Pinoy style toponymy

A young local politician told me that the origin of Alabang is the word abang (tagalog for “to wait”). Bandits during the Spanish era use to ambush unsuspecting people he said.

Legends are more appealing than real history. The small Rio Alban (the one in Festival Mall) gave her name to Alabang. Boring story, I know, the legend’s more catchy.

Three years ago, I blogged about the origin of Muntinlupa’s barrio names. Many were surprised that all had botanical word origins.

Most stories about how places got its name are fabulated. They’re mostly “alamat” (legends) but Filipinos takes them as facts.

Pre-colonial Singapore were populated by Malays that had the same practice. They had a profound admiration towards nature and named places to honor it.

The names of the two towns I call home here, Punngol and Tampines, had natural and botanic origins.

Two years ago, we moved to Tampines township. Its name came from the tree “tempinis”. An ironwood variety, like the rare hard Philippine mangkono.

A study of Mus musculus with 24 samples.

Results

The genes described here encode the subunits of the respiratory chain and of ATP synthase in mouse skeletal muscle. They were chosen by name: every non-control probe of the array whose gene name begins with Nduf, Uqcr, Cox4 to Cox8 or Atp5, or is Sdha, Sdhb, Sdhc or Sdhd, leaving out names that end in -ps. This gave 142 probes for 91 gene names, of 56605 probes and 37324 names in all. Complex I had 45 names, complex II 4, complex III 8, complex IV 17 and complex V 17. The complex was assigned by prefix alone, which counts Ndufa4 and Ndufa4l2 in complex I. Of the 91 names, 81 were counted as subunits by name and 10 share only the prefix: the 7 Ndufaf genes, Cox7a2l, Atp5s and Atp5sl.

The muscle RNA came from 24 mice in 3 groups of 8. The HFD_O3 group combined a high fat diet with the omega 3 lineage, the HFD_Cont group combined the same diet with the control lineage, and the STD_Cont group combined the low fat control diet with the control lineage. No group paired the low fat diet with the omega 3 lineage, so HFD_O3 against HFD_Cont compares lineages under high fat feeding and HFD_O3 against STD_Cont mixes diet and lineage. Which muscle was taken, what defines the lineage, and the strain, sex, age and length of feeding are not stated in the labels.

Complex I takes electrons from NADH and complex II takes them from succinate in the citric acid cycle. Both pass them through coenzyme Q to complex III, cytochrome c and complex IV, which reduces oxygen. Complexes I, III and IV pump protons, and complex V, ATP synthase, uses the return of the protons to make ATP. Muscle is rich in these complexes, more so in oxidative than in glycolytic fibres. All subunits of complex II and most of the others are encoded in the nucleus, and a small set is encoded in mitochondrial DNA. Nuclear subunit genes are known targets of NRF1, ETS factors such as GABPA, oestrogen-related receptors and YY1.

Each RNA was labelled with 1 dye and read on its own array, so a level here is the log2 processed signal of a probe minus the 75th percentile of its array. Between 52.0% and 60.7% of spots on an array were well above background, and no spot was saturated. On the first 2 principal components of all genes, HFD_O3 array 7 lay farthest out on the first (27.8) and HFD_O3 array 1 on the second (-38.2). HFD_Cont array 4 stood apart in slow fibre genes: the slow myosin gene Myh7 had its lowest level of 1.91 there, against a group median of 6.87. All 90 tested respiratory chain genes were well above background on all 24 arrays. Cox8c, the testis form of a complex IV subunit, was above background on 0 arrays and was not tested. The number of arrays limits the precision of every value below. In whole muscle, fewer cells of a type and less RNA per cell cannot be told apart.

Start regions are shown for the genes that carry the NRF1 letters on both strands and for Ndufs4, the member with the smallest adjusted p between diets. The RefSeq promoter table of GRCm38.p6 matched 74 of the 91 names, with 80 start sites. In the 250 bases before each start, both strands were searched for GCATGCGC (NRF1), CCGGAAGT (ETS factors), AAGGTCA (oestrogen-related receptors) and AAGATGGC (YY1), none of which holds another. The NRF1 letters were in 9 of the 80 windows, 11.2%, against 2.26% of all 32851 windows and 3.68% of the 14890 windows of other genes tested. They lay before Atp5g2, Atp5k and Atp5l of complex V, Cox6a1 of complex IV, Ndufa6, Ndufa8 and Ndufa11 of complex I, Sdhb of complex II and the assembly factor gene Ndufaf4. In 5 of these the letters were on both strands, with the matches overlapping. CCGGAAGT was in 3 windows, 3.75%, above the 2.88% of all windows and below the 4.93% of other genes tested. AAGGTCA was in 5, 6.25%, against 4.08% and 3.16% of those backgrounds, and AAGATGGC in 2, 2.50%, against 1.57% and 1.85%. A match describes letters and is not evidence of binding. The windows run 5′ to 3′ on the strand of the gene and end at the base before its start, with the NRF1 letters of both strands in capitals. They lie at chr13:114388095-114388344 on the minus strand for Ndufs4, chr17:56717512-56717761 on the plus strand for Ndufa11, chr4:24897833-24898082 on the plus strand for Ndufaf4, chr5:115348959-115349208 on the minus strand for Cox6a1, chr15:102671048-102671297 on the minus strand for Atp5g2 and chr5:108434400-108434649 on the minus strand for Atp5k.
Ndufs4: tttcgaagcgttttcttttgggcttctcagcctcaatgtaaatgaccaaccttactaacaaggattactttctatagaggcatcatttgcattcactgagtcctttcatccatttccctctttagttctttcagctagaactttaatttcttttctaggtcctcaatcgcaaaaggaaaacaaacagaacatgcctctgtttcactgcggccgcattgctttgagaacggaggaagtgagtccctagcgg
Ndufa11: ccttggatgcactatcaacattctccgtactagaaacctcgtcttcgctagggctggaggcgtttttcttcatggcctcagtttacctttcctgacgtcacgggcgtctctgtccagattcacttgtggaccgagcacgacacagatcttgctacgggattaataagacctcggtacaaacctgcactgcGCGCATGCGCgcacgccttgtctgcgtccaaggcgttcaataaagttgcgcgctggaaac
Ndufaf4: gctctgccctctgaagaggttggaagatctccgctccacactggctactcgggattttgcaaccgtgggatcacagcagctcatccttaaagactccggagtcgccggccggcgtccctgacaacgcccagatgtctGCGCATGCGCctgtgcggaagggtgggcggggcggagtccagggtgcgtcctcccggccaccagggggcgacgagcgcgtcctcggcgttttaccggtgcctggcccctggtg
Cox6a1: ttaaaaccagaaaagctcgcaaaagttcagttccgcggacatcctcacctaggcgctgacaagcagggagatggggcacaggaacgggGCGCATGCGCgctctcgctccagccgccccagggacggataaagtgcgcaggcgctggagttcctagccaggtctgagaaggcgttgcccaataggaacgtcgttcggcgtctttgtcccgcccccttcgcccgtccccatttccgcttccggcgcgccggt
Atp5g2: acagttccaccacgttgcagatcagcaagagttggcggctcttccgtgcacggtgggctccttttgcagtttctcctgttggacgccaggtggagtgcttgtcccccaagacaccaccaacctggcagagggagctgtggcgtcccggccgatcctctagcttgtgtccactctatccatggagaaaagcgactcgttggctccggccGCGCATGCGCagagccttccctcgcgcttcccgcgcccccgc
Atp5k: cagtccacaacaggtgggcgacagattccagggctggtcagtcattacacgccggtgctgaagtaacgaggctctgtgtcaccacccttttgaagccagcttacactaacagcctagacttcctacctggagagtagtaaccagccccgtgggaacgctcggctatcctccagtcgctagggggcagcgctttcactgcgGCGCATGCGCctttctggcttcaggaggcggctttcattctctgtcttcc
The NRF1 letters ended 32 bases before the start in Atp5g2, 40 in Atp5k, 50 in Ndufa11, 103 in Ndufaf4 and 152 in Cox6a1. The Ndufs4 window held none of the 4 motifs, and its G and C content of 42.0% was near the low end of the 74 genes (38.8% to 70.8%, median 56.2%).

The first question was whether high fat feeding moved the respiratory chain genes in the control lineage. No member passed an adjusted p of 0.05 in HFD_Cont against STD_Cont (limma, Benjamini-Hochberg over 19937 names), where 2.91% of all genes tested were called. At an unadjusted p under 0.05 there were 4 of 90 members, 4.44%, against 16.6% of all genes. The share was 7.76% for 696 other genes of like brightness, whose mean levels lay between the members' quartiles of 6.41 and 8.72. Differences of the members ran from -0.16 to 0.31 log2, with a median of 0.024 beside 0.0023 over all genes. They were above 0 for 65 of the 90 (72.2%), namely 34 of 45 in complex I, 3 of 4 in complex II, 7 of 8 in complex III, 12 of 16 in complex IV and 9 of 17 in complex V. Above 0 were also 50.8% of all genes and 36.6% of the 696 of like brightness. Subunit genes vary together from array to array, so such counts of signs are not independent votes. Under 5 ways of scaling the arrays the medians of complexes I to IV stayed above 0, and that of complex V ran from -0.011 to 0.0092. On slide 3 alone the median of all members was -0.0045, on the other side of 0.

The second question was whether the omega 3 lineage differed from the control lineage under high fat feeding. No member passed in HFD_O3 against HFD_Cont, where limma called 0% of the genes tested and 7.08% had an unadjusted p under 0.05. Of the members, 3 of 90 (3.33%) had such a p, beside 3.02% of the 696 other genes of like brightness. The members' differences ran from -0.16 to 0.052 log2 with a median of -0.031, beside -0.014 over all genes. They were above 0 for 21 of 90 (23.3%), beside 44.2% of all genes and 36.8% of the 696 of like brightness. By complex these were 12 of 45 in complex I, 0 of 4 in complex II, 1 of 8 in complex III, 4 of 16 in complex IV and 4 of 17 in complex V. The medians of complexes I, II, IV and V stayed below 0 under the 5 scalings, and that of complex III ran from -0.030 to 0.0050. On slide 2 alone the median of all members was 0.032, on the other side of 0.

Punggol town got its name from an old Malay word. It was a method of gathering fruits from trees by hurling clubs. Our ancestors adapted the word in tagalog, “pukol”, which generally means “to throw”.

You see, the intangible historical links are there, we only need to pay attention.

Some other places Malays named after plants here are: the heritage district of Kampong Glam, after the tree Gelam. Kranji (I wrote about its WWII site here) from the keranji tree. Sembawang, Katong and many others.

The popular Filipino hangout place, Orchard Road, got its name from trees that used to lined it. What kind of tree? according to local historians, nutmeg. Not far from Orchard there’s a street called Nutmeg.

In the Philippines we call nutmeg as tanghas or duguan (from the red flesh the covers the seeds). The seed is dried up and grounded. It is used as spice and skin medicine.

I grew up in a street called Bagtican (white lauan). I knew even as a child that it’s a tree but never saw one until 9 years ago in Los Baños. It’s a threatened tree because of market demand.

Why knowing the real story behind places names is important?

Well, for one it dispels ludicrous myths that people ends up believing—and studying toponymy (ah, the scientific and fancy name of the study of places names) is a gateway to history.

Try researching where your place got its name and you’ll go into a history rabbit hole!